Posts tagged "SJC"

Can Massport treat a car sharing company like a traditional airport rental car company? Supreme Judicial Court to weigh in.

In January the Supreme Judicial Court (SJC) heard oral argument in a case challenging the ability of car sharing company Turo to facilitate pickups at Logan International Airport without paying the taxes and fees that Massport requires of traditional car rental companies. Like Airbnb and HomeAway do for the short-term house rental market, Turo allows individual car owners to rent out their cars for short periods of time when they would otherwise sit unused. The case, Massachusetts Port Authority v. Turo, Inc., promises to have national implications for whether car sharing companies and other internet businesses that facilitate peer-to-peer transactions can shield themselves from liability by relying on the Communications Decency Act of 1996 (CDA). The CDA protects internet businesses from being held liable for claims that would treat the website as the publisher or speaker of objectionable content posted by third parties. Search engines and social media applications are classic examples of companies often protected by the CDA, but it is less clear whether the immunity extends to companies that do more than simply serve as a bulletin board for third-party posts.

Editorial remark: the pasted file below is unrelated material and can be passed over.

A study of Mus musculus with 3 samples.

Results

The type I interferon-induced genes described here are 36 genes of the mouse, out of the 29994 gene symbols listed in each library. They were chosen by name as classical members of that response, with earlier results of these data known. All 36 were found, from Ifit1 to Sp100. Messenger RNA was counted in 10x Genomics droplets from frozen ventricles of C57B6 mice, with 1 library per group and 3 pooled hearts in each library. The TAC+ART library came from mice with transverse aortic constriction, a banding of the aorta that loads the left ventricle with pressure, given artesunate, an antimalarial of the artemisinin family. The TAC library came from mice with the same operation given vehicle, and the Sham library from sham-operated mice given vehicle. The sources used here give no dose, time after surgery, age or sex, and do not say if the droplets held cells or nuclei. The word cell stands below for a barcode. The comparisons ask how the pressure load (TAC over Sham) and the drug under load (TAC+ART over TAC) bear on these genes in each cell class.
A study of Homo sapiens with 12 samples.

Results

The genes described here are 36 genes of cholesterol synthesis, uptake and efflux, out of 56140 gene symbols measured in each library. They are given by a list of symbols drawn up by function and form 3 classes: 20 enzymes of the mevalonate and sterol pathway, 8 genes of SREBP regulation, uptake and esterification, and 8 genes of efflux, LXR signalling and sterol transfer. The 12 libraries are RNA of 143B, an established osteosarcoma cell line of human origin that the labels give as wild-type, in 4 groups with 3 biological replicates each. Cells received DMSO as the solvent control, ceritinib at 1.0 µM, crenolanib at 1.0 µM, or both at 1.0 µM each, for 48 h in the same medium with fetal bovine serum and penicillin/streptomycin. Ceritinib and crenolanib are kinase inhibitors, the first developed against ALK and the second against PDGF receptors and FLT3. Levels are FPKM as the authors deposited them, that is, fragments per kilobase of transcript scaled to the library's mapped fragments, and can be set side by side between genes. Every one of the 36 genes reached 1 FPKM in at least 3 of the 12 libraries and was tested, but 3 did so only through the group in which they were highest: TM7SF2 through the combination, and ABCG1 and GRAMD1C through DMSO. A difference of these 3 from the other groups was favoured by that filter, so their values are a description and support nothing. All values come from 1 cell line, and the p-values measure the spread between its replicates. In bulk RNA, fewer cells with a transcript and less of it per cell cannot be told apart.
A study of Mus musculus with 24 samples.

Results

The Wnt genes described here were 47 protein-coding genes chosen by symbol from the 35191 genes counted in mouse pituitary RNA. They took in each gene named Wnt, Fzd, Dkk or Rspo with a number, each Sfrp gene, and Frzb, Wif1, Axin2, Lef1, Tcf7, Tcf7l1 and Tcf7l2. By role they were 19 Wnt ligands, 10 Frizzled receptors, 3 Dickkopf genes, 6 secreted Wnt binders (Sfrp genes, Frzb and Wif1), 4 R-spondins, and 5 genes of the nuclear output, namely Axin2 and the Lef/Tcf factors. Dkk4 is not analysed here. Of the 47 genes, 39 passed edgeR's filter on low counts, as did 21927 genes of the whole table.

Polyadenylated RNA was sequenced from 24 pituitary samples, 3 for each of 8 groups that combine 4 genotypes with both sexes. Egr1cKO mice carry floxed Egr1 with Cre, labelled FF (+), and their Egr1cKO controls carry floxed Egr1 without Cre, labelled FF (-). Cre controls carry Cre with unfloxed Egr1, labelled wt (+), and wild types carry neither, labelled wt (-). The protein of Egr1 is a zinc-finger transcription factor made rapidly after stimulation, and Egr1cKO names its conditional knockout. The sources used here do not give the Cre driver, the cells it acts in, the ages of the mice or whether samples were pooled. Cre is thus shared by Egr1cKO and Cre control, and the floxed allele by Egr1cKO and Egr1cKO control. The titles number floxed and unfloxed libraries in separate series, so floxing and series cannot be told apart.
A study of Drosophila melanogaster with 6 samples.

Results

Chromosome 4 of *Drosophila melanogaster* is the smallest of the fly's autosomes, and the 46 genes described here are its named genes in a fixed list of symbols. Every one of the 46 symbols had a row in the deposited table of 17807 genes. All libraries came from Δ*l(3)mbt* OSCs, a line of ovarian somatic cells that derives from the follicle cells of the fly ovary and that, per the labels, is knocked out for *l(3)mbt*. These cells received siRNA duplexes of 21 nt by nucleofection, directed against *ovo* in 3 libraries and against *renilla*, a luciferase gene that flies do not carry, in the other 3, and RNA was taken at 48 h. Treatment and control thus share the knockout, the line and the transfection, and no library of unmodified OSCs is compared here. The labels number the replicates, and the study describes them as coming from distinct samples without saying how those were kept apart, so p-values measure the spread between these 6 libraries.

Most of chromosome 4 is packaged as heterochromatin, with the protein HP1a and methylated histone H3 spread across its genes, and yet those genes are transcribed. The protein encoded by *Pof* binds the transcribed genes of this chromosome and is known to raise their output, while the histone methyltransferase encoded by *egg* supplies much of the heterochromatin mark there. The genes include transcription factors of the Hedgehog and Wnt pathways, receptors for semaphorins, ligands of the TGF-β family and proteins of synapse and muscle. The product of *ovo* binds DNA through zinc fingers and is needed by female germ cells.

SJC Rules that Statute of Limitations in Condo Construction Defect Claims are Specific to Each Building in a Multi-Building Development, Not the Entire Development

In a win for developers, Supreme Judicial Court says six-year clock for design and construction defect claims runs separately for each building within condominium development.

Foreign Legal Consultants in Massachusetts

In our modern global economy, many Massachusetts companies are finding themselves with a need not only for legal advice concerning Massachusetts and U.S. law, but also for legal advice concerning international law and the local laws of foreign countries in which they do business. As a result, foreign legal consultants--foreign lawyers who advise Massachusetts companies and residents on foreign law--are increasingly in demand. In order to avoid running afoul of prohibitions against the unlicensed practice of law, foreign legal consultants must become licensed prior to providing any legal advice in Massachusetts. There are specific rules issued by the Massachusetts Supreme Judicial Court ("SJC") governing the licensing of foreign legal consultants and the limits of their practice. Both foreign attorneys seeking to consult in Massachusetts, and Massachusetts companies seeking to retain foreign legal consultants, should become familiar with these and other applicable rules.